A follow up on the Impeachment Inquiry

Bianca Fairchild, Editor In Chief 2019-2020

The Impeachment Inquiry hearings have been occuring every other day for several weeks, and new information is coming out constantly. In October, I published a detailed timeline of the events leading up to the Inquiry, what you should know, and why you should care about it (you can find it on our website So, here’s an update following our initial publication about the Trump Impeachment Inquiry. 

It all really started when the Mueller Report was published earlier in 2019, after almost two years of rumors of publication. There, it stated that there was some concern about another country’s interference into the 2016 election, but after review from the Attorney General, the report was basically inconclusive.

However, I believe the straw that really broke the camel’s back was the release of a transcript from a call between Trump and Ukraine from July, and a nine-page report from a whistleblower in the White House. The transcript was released on Sept. 24, where the President discussed relations with Ukraine and asked their officials to look into presidential candidate Joe Biden, explicitly asking them to contact the Attorney General. 

The complaint was filed by another anonymous government official who stated that they believed the President had allowed another country to interfere in the 2016 election, including “among other things, pressuring a foreign country to investigate one of the President’s main domestic political rivals. The President’s personal lawyer, Mr. Rudolph Giuliani, is a central figure in this effort. Attorney General Barr appears to be involved as well.”

The anonymous report also discussed the previously mentioned transcript, expressing deep concern with how Trump worked with Ukraine and stated, “The White House officials who told me this information were deeply disturbed by what had transpired in the phone call. They told me that there was already a “discussion ongoing” with White House lawyers about how to treat the call because of the likelihood, in the officials’ retelling, that they had witnessed the President abuse his office for personal gain.” They also cited the consistent attempt at hiding this information from people outside of the government. 

Since the hearings began, there’s a couple major pieces that are being debated. First, whether Trump discussion with Ukraine was a “quid pro quo” or meant to be a favor given with something expected in return. As far as I’m concerned, quid pro quo sounds like an appropriate term to title that conversation, mainly because the President asked for aid in the investigation on his campaign and looking into Joe Biden, seemingly in exchange for giving Ukraine aid funds we had been withholding.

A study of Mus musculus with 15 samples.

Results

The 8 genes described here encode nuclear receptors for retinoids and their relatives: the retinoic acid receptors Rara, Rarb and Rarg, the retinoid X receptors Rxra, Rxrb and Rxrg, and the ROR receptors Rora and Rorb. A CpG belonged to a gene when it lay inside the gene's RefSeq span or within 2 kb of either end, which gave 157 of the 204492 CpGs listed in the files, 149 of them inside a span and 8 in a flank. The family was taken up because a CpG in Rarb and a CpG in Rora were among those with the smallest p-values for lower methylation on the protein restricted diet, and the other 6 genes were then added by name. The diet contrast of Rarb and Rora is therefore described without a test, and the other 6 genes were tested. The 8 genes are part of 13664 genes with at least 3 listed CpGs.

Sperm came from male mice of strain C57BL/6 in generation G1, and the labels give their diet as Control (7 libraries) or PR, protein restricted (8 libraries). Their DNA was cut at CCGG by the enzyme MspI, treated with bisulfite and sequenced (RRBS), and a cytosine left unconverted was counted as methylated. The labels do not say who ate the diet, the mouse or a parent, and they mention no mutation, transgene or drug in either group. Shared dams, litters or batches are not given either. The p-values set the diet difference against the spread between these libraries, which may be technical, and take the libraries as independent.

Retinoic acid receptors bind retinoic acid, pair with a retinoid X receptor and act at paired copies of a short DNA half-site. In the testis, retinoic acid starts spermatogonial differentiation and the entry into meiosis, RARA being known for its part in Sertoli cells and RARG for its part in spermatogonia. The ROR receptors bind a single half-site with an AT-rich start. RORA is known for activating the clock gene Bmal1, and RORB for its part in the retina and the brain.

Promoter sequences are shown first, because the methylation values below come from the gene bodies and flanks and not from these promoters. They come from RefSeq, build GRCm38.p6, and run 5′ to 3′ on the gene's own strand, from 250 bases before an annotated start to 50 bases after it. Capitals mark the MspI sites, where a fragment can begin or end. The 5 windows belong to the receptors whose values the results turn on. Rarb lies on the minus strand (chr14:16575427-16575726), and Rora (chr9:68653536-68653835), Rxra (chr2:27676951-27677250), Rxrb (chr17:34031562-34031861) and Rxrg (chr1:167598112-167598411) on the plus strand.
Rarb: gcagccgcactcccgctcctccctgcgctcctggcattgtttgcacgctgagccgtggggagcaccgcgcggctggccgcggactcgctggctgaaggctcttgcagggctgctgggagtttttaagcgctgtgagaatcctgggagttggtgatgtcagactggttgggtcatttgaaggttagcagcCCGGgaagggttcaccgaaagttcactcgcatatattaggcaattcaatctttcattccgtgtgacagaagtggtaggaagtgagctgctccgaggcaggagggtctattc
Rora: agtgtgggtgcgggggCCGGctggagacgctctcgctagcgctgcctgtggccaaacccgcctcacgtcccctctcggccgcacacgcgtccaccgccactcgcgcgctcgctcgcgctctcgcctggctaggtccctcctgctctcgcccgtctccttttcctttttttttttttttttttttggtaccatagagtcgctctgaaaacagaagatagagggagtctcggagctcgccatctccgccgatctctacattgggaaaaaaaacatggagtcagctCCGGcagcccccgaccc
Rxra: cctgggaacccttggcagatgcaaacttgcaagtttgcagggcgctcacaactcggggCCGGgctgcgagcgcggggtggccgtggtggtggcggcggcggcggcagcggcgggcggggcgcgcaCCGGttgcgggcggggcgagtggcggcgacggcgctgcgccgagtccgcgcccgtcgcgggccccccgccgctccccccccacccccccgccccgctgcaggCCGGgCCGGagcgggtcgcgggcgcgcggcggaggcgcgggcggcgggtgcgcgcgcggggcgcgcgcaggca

Second, people are wondering if this impeachment should be occurring at all in the first place. My answer is yes. When Alexander Hamilton was arguing to approve of the Constitution in 1788, he said impeachable crimes would be “those offenses which proceed from the misconduct of public men, or, in other words, from the abuse or violation of some public trust. They are of a nature which may with peculiar propriety be denominated POLITICAL, as they relate chiefly to injuries done immediately to the society itself.” Based on that definition, Trump violated public trust, acted in misconduct as the President, and these issues harmed our democracy, so he meets the standard for impeachment already, no hearings necessary. 

The real issue here would be the President’s constant lack of lawful, honest, and respectful behavior, consistent lying, and lack of judgement. It honestly seems like President Trump believes he is above the law and reason. Arguably, this is true. Donald Trump, prior to his days as President, has gone bankrupt several times, according to NBC, made fun of disabled journalists, refuses to publish his tax reports, has been proven to work with Cambridge Analytica to manipulate people on Facebook, been accused of sexual assault, caught on tape discussing how you can “get away with anything when you’re famous,” and has a long history of making billions while taking down others on his way to the top. I’m not surprised that these recent updates are coming to light. 

Based on the evidence given, it’s practically undeniable that the president has acted with other countries to get ahead in politics and make his business profitable. The only real advice I can give to the American people, and I will continue to give, is to think critically, listen closely, pay attention, and do your research with these issues. Our democracy depends on it.